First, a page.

For those that believe there was too much “hype” about Irene (I do not have an opinion, my head was deep in the data and I didn’t watch any coverage until landfall Sunday morning), consider these preliminary numbers from the New York Times. These statistics are from 1980 (when full-time high resolution satellite data was first becoming available) to present:
- Damage? First estimates are $14 billion; ranking 8th
- Fatalities? Tied with Fran for 10th with
21, but Irene’s are expected to rise. UPDATE: According to the WSJ, 38 fatalities are now reported as of 10pm CDT Monday. As of 9am Tuesday, the death toll stands at 40. Irene is now #4 in terms of fatalities since 1980.
Average the two and you get the
9th 6th worst hurricane in 31 years.
And, there is this when you are thinking about forecasts of hurricane intensity,
Imagine, for instance, if Irene had been about 20 percent stronger when it hit New York — that it had wind speeds of about 90 miles an hour instead of 75 miles an hour. That doesn’t sound like a huge difference and from a meteorological perspective, and it isn’t.
But from an economic perspective, that may have mattered quite a lot. Some of the scholarly literature suggests that the economic damage resulting from hurricanes is a function of wind speeds raised to the eighth power. I’ll spare you the math: what that means is that hurricane with wind speeds of 90 miles an hour might be as much a 4 or 5 times more destructive as one with wind speeds of 75 miles per hour. So if Irene had been just a bit stronger, we might be talking about economic losses on the order of $55 billion to $70 billion, rather than a “mere” $14 billion.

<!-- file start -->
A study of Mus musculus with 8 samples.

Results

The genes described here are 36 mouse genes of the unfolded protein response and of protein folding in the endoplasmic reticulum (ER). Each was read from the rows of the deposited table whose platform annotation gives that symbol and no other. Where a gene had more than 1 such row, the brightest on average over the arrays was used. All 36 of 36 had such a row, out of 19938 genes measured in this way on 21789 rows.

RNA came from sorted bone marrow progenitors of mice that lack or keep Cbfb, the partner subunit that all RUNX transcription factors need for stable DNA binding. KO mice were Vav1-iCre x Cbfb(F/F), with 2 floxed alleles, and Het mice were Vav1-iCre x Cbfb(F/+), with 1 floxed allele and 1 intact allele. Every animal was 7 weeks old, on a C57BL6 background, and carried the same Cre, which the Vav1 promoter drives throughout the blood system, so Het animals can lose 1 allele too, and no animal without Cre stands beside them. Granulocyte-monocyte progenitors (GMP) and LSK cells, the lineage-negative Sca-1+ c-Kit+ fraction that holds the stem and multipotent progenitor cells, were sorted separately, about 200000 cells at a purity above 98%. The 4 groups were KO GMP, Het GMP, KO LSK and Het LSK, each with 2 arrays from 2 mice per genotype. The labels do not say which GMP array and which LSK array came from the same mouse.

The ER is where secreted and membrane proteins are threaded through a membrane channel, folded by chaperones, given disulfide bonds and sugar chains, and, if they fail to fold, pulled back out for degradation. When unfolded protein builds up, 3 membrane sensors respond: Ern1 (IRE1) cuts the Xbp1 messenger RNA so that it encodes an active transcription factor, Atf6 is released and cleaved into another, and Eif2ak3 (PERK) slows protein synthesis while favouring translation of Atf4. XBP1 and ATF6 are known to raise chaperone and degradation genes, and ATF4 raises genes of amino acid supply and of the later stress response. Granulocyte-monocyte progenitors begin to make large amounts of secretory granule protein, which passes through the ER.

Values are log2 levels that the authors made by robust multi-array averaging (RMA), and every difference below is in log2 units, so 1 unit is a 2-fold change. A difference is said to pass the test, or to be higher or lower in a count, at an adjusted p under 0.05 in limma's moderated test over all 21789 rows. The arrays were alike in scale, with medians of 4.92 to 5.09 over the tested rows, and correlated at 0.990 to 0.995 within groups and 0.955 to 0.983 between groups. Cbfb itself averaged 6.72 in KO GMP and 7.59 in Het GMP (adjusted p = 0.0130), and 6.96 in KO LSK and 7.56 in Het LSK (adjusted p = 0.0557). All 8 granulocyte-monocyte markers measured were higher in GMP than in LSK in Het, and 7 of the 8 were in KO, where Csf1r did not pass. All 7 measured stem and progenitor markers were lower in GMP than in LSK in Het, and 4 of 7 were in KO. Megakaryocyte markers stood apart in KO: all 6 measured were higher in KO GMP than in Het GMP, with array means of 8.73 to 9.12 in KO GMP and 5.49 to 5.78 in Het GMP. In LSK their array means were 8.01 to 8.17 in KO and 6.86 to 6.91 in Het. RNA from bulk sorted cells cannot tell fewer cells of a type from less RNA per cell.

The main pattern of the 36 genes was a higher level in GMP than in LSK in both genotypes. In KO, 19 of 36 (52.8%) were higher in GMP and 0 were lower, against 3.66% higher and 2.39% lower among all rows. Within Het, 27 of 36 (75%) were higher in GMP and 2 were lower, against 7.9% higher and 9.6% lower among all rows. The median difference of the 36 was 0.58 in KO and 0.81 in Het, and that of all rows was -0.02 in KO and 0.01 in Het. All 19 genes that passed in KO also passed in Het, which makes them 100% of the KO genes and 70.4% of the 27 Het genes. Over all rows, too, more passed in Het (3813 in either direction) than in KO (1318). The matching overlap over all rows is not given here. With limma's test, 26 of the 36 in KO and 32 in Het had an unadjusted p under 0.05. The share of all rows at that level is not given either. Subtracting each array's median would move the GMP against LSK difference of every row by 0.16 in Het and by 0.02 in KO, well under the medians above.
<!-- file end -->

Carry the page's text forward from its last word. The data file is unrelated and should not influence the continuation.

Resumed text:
Because wind power (the wind’s destructive force) is not linear, the forecasts showing winds of 95 to 110 mph near the storm’s center (that we were forecasting would move inland farther west than shown in this computer model forecast) had the potential to cause major, major damage.
Given that Irene is already the
10th 4th worst in terms of fatalities at Cat. 1 intensity, those stronger winds would have threatened lives to a far greater extent. This was in the back of our minds as we were making those forecasts of Cat. 2 intensity on Thursday.